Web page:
All overhead lights on the same circuit

Old 12-21-14, 06:05 PM

Hey guys

My house was built in the 1920's and I believe it was rewired sometime in the 50's. The wiring is the old cloth covered romex with no ground wire.

I've decided that I want to slowly rewire the whole house and I planned to do this one room at a time. Right now, I'm getting ready to start on the master bedroom. My plan was to rewire that room on its own circuit. The trouble is, the overhead lights for the entire house (2 story house) are all on the same circuit. There's also a couple of receptacles on the overhead light circuit too.

I'm somewhat of a novice so I'm having trouble figuring out how this was accomplished. Since it was wired so long ago, I'm pretty confident that they didn't use 12/3 wire to accomplish it.

Right now, in the master bedroom, I've traced a cable that goes from the light switch, into a j-box in the closet. From there, I have no idea the route it's taking through the wall to get to the light, or where the cable that's feeding it power is coming from.

I'm just curious as to if anyone has any tips that could help me figure out how this stupid house is wired without having to rip out the ceilings throughout the whole house. Are there any tools out there to help trace the path that wires are taking throughout your house?
 

Usually new wiring from the attic down or a basement up to a room is fairly straight forward. When I get called to rewire a house of your vintage it's usually being re-sheetrocked.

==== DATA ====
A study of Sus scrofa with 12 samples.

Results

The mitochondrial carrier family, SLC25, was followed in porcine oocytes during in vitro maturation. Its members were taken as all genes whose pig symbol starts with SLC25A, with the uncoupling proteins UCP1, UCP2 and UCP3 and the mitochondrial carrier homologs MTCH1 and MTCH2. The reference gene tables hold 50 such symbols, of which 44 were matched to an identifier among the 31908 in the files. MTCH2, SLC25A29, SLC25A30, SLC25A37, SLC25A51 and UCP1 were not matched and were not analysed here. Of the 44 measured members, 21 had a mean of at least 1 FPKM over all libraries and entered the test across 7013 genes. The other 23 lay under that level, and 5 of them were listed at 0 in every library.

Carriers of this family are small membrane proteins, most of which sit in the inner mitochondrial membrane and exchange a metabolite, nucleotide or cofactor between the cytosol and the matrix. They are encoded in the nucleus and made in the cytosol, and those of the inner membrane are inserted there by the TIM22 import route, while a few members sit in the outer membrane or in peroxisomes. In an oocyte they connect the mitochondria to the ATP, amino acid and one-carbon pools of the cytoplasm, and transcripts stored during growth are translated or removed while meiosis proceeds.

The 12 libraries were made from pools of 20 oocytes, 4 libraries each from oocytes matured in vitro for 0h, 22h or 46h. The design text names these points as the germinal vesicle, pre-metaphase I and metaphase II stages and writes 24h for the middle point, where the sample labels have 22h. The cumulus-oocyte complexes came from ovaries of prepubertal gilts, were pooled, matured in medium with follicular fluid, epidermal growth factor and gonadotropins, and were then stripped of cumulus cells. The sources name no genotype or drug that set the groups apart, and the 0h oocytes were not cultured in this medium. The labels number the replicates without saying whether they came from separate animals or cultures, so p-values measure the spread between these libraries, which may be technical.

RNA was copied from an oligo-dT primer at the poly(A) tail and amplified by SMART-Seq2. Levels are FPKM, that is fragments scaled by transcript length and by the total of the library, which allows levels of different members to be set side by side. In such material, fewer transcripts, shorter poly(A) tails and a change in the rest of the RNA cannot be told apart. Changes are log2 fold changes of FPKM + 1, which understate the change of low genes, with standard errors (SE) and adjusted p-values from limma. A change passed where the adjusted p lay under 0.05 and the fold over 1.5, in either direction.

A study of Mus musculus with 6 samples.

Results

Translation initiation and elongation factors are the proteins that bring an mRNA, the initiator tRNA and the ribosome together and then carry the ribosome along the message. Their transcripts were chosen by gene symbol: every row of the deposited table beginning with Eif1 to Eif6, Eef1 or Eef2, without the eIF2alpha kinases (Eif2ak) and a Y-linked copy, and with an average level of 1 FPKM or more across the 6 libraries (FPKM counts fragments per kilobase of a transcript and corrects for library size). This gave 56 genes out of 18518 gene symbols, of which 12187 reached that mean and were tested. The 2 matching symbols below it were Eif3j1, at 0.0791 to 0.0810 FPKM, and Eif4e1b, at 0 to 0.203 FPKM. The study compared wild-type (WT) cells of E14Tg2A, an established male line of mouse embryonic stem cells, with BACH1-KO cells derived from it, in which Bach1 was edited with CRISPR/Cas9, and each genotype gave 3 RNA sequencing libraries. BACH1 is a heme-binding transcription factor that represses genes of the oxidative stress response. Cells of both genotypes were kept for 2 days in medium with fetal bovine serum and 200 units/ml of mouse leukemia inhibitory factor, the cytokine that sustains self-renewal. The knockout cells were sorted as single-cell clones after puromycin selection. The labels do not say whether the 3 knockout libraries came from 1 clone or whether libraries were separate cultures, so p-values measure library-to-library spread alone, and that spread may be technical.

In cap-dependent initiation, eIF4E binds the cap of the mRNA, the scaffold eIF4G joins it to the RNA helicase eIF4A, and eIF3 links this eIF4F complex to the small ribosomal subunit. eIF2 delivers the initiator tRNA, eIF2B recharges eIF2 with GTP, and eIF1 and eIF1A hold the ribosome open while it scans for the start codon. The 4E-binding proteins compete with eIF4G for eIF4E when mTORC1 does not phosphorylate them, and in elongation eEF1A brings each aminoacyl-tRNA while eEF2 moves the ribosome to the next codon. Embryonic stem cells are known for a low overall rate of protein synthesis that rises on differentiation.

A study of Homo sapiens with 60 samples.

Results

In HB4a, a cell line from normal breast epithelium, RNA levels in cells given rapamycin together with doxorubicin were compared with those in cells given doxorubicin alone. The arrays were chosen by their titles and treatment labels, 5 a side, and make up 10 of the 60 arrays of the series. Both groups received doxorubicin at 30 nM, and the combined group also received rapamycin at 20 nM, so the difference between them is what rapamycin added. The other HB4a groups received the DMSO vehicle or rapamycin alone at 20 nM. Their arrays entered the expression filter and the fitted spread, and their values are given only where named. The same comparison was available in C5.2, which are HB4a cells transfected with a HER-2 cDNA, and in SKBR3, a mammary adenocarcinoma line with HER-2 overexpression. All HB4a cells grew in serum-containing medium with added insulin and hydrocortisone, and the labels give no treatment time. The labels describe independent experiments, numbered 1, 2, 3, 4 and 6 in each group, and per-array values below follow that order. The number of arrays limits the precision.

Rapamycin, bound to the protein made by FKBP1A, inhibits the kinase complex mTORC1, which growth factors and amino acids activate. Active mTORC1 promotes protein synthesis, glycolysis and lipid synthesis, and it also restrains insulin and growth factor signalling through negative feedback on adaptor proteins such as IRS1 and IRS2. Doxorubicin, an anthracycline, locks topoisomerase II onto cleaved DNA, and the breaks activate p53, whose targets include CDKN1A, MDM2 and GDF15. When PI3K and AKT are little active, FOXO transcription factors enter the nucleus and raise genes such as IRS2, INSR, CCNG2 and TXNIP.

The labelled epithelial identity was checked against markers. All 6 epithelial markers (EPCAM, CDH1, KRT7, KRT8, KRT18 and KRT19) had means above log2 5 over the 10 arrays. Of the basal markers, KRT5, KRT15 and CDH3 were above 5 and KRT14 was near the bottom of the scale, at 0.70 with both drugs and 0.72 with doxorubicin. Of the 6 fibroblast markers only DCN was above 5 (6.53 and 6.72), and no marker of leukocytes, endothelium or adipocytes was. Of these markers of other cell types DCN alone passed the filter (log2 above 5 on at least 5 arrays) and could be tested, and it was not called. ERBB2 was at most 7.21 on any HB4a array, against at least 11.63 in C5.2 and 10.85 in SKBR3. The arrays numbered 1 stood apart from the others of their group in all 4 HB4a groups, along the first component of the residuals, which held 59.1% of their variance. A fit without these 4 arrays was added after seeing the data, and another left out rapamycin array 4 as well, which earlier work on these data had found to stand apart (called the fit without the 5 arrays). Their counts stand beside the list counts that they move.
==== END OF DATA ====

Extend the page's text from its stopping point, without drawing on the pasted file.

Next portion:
Accepted practice now is to put the lights only in several rooms on one circuit. The receptacles in each room can be on their own circuits also. Best not to mix lighting and receptacles.
 
 
 
Don't be offended, but I don't think you have the knowledge needed to rewire a house.
 

Pete suggested knowing exactly what is on each breaker, that's a good start. Map out your entire house and double check you have each device accounted for.

As far as rewiring and tracing circuits, do you have an attic?
 
It would usually be 14-2 even if wired today. 12-3 would be 3-conductors plus ground on a 20 amp circuit.
My plan was to rewire that room on its own circuit. The trouble is, the overhead lights for the entire house (2 story house) are all on the same circuit. There's also a couple of receptacles on the overhead light circuit too.
Leave the lights and run a new circuit for the receptacles. The feeds for receptacles from the lights would be disconnected at both ends and abandoned in place by cutting as sort as possible and pushing them out of the box.

You don't worry about tracing the existing cables because if you are abandoning them in place as I described it doesn't matter.

I believe part of what Joe is saying is you have to understand circuits well enough to improvise as you go along. There is no set in stone one way. You have to be able to adapt to what you find. The book Wiring Simplified from on line book sellers such as Amazon and in the electrical aisle of some home stores is a good start.
 
 
I'm not offended, but I'm here to get help/gain knowledge. Your comment did not help me to gain any knowledge.
 

You don't worry about tracing the existing cables because if you are abandoning them in place as I described it doesn't matter.

I believe part of what Joe is saying is you have to understand circuits well enough to improvise as you go along. There is no set in stone one way. You have to be able to adapt to what you find. The book Wiring Simplified from on line book sellers such as Amazon and in the electrical aisle of some home stores is a good start.
Thanks. I just ordered the book you recommended off of Amazon.